United Airlines (UA, Chicago O'Hare) expects to resume normal service to Cape Town International in South Africa, with its next scheduled flight from New York Newark due there on October 5 after a ship carrying jet fuel arrived in the Mother City, ending a temporary fuel shortage.

The airline was forced to cancel its inbound flight (UA 1122) on October 2 and return leg (UA 1123) on October 3 after the supply ship was delayed for more than a week because of bad weather. United Airlines operates a B787-9 thrice weekly on the route.

The Airports Company South Africa (ACSA) issued a NOTAM in the early hours on October 1 (valid until October 5) advising airlines to restrict their fuel uptake at Cape Town and for international carriers to schedule technical refuelling stops at alternative airports. Some airlines reportedly diverted their Cape Town flights to Johannesburg O.R. Tambo to refuel, while domestic carriers tankered supplies. According to Radarbox ADS-B data, flights by the following airlines were impacted over the weekend: KLM Royal Dutch Airlines, Lufthansa; British Airways; Turkish Airlines; Air Belgium; Qatar Airways; RwandAir; TAAG Angola Airlines; FlySafair; South African Airways; and CemAir.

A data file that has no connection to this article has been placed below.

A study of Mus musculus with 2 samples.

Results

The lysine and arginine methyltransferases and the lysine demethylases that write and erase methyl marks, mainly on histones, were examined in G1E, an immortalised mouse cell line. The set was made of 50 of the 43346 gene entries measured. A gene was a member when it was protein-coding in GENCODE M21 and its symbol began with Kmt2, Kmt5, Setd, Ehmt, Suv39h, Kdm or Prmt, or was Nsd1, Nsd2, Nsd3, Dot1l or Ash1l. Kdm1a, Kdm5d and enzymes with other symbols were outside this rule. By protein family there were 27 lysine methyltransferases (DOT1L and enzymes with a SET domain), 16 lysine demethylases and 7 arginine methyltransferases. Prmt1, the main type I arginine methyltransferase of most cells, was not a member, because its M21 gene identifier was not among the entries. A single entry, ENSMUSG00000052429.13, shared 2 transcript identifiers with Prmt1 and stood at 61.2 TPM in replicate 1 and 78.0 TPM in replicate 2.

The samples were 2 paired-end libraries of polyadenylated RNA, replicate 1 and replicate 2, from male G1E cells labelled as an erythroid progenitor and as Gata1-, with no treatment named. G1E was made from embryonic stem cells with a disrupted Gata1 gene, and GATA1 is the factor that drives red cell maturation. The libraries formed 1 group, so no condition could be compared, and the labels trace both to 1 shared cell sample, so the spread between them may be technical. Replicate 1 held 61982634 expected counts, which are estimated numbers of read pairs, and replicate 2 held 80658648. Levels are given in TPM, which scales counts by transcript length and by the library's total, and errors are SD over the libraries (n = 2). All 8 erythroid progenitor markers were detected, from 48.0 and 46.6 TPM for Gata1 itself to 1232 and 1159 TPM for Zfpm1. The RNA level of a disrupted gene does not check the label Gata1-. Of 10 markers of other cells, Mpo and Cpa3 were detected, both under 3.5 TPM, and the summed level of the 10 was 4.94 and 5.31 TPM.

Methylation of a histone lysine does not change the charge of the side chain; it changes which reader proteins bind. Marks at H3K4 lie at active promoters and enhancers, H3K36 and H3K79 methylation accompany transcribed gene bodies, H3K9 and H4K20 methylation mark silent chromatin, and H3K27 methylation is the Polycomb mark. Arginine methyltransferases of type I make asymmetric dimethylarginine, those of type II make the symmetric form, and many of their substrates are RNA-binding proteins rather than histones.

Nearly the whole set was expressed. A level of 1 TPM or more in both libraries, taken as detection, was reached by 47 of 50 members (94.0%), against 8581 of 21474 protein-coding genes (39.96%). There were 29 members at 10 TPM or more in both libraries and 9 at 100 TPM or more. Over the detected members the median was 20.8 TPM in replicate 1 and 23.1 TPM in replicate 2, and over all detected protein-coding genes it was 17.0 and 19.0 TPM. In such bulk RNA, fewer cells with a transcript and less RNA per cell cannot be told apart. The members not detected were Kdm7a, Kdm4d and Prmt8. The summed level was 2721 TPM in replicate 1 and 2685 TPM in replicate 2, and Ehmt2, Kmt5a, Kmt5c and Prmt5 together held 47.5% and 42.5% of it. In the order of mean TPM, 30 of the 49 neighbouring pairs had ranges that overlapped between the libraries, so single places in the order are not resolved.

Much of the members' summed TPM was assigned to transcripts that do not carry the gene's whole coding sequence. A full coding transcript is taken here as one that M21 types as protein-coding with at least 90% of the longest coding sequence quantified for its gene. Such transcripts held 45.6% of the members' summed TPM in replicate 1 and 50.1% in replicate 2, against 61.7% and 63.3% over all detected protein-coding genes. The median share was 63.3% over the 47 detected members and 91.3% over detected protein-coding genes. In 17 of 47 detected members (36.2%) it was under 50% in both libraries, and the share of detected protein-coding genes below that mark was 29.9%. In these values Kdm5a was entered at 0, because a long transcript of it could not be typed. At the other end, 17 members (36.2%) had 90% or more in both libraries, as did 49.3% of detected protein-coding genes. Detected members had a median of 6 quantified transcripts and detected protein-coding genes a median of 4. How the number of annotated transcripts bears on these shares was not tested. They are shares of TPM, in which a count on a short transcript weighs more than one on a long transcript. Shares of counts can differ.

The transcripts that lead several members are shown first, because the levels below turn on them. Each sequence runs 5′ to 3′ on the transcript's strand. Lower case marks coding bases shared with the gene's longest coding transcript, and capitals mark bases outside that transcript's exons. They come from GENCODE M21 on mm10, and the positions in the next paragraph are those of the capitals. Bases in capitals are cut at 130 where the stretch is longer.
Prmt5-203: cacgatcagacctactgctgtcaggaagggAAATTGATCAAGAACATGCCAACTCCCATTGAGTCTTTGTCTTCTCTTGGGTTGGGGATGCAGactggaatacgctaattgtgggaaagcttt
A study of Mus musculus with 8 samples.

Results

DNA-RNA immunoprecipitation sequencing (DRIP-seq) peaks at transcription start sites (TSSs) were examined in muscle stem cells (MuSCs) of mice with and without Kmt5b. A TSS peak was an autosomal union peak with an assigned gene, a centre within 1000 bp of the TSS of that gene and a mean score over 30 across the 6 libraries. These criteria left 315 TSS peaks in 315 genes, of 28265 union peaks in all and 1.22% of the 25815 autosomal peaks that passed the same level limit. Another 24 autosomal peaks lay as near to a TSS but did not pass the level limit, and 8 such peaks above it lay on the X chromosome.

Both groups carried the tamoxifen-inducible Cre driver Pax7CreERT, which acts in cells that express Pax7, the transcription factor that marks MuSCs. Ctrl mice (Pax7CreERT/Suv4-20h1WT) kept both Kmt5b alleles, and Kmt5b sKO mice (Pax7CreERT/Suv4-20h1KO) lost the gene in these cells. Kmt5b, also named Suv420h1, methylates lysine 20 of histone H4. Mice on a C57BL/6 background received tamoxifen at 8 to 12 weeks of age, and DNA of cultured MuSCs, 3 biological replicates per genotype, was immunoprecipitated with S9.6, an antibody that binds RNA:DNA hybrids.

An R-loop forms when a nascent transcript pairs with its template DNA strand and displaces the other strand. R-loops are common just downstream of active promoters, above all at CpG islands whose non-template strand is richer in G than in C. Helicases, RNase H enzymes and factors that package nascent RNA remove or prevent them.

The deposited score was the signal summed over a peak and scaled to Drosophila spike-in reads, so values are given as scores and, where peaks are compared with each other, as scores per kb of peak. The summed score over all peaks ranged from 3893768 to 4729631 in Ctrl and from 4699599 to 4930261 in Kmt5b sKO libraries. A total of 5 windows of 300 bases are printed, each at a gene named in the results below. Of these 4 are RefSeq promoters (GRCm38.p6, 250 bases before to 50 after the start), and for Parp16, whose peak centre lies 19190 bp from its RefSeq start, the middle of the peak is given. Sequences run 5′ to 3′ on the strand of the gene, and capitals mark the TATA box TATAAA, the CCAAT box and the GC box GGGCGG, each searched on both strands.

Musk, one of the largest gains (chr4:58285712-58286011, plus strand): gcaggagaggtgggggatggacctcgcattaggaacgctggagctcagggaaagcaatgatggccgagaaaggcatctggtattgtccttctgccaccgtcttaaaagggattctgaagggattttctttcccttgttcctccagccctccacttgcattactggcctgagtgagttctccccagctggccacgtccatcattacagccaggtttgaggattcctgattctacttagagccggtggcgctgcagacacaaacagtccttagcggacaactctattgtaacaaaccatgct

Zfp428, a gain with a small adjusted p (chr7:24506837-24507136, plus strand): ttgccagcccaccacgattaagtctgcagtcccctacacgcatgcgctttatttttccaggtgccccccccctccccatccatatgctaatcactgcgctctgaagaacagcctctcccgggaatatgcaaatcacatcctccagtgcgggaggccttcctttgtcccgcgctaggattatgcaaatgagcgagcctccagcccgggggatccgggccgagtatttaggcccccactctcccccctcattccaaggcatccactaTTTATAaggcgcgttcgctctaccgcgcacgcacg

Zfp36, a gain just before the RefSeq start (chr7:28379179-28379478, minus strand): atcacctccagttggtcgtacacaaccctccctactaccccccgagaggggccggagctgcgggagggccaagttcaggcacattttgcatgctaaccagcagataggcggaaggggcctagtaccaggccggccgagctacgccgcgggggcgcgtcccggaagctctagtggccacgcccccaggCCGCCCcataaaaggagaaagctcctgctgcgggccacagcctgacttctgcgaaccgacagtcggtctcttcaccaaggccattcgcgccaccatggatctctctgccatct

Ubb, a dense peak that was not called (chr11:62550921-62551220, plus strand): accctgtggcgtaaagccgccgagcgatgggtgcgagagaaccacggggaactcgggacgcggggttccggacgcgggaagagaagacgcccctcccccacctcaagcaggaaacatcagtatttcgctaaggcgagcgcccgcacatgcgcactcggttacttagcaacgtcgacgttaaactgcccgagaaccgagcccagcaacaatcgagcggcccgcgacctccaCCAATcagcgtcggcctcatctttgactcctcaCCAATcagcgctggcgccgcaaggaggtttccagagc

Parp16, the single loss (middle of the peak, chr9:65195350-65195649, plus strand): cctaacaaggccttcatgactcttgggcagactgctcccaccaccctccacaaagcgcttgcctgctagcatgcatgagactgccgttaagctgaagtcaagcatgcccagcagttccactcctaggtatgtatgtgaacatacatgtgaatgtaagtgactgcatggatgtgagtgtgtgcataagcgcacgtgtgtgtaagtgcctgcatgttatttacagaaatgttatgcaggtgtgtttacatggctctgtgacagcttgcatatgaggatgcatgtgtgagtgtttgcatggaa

The supply vessel eventually arrived on October 3, and by the following day the fuel was being transported by road from the ship to Cape Town International Airport. ACSA advised airlines it would withdraw its fuel restriction NOTAM on October 5 once sufficient stock had been delivered.

The Airlines Association of Southern Africa (AASA) said the jet fuel crisis highlighted South Africa's vulnerability because it relied on imported jet fuel. It called on the South African government and fuel suppliers to urgently establish a robust resilience plan to ensure sufficient aviation fuel stocks.

"Although our local and regional short-haul airlines can tanker fuel [carry more than optimally required for a single flight] to maintain their schedules, in doing so they must incur additional costs as the extra fuel load increases the overall weight of each plane, in turn burning more fuel to carry the extra contingency supply. This puts further cost pressures on airlines when they are already struggling with a more than 100% rise in the price of jet fuel, higher finance charges and interest rates, and increased labour and other costs," the AASA said.

It also urged the government to waive additional on-route air navigation and airport fees that international airlines incur when making intermediate en-route refuelling stops at alternative airports such as Johannesburg or Durban King Shaka.